On the surface, Legos don’t seem to be directly connected to language learning, not many toys do. But there can actually be a lot of great tips on using Legos for learning a new language with your kids.
As you probably already know, young children learn everything through play, and language is no exception. This is how we learnour mother tongue – and a foreign language can be learned practically the same way.
And the truth is, almost any toy can be used to learn a foreign language with a few tweaks to how you play.
Legos offer many benefits to children and parents in general, and using them for language learning, in par-ticular, can be extremely beneficial, too – read on to find out the details!
Why are Legos great for language learning?
Legos are a so-called open-ended toy: they don’t have one fixed purpose, like, say, a puzzle.
And Legos can be used in a wide variety of ways – both for regular play and for learning a foreign language.
There are lots of great open-ended toys out there – check out this list for a few good examples.
Here’s a quick list of main benefits of Legos for language learning:
- A vast variety of possible topics – almost anything can be built from Legos and talked about
- It is a collaborative toy that encourages speech
- Legos promote overall creativity, experimentation, and problem-solving, which benefits language development as well
- They can be used with children of different ages: there are Legos for babies, Legos for 4-year-olds, and kids of all other ages
- Legos are a fun toy – and having fun when learning a language makes it more effective
Useful tips on using Legos for learning a new language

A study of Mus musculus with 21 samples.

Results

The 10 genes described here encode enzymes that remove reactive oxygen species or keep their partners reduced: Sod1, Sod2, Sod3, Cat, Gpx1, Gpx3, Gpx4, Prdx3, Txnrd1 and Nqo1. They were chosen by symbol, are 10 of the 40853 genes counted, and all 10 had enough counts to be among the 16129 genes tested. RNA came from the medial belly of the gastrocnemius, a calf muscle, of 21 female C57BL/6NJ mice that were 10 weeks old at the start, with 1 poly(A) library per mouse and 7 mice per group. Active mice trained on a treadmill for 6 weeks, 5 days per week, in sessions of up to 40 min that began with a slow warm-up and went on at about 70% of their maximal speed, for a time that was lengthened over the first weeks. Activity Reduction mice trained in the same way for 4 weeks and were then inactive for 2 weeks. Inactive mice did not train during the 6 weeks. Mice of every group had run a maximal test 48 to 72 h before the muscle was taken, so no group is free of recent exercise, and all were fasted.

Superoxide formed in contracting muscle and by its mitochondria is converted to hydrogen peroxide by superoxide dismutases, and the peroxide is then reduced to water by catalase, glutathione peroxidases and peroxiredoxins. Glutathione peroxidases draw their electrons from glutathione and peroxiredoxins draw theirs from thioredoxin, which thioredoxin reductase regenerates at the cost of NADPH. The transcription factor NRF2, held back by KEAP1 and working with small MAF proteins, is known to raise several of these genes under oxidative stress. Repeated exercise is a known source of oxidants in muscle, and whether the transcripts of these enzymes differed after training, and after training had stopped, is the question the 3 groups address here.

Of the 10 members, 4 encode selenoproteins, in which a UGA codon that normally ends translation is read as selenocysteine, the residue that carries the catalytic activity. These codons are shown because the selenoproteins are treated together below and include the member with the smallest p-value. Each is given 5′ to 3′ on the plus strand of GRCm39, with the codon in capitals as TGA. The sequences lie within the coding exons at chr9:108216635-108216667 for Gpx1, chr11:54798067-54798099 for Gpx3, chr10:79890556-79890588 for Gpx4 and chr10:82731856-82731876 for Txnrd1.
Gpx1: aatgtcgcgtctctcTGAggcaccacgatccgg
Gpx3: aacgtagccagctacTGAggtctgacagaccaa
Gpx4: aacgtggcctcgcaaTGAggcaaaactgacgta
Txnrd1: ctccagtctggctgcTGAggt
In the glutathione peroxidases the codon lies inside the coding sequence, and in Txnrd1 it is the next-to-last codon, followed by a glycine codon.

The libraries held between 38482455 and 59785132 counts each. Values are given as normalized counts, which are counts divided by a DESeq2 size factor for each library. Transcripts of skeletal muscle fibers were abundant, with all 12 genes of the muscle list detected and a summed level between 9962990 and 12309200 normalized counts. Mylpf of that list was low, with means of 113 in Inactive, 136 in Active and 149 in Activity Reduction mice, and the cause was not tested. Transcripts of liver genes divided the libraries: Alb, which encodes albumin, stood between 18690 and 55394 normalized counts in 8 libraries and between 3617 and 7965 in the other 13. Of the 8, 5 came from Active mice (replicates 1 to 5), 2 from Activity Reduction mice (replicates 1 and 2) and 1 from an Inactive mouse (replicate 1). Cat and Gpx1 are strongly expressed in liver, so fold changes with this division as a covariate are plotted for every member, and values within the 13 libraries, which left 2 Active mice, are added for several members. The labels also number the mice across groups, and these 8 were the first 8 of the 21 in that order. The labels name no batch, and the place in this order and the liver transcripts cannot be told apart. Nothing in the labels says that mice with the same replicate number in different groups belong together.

There are many different ways you can use Legos to learn a language with your toddler – here are some of the best ones.
Start by learning the alphabet
The alphabet is one of the first things you will learn with your child in a foreign language. And as you can build almost anything out of Legos – why not letters and words?
Some Lego sets will have ready-made blocks with letters on them.
You can also put stickers on blocks yourself, or use the blocks to build large letters together – involving the child in actually building the letter can make it much more memorable.
Learn names of objects
Depending on the Lego set you have, different figurines will be included: trees, animals, cars, people of different professions… It’s a great way to learn some vocabulary!
You can start by simply naming the objects in the target language when playing Legos with your child.
As they memorize new words, you can move on to slightly harder tasks: asking your child to repeat the words after you, asking them what this or that object is called, and even interacting with objects only when they are named in the foreign language.
Learn simple concepts
Colors, shapes, sizes, concepts like big and small, close and far – Legos are great for learning that.
Before introducing the foreign words, make sure your child understands the concept itself – and you are good to go.
A lot of action is involved in playing with Legos, which makes them a perfect tool for learning verbs.
First, you can learn the verbs that are needed for players to interact with each other during play: asking your child to pass you this or that part, connect or disconnect parts, move them in different ways.
Second, you can learn lots of verbs connected with each particular play plot-line: cars driving, people running or dancing, animals making sounds, and so on.
Make sure to always introduce the new verbs while demonstrating the action to make the examples clear.
It is also important to repeat them regularly, so try not to switch back to your mother tongue right after introducing a new verb or concept.
Even small Lego sets can be used in many different ways to tell lots of different stories. Make the most of these stories for language learning with your child!
You can use Lego play to practice the vocabulary you have already learned as well as learn new language units.
Don’t rush and overcomplicate things: simple stories and simple words will work best, especially at the beginning.
Follow your child’s lead
If there is one thing a toddler is better at than their parents, it is play.
Watch the way your child plays with Legos – you may see some ways of playing you haven’t even thought about.
Pay attention to the things your child does most often and enjoys most – they will work best for introducing new vocabulary in the foreign language.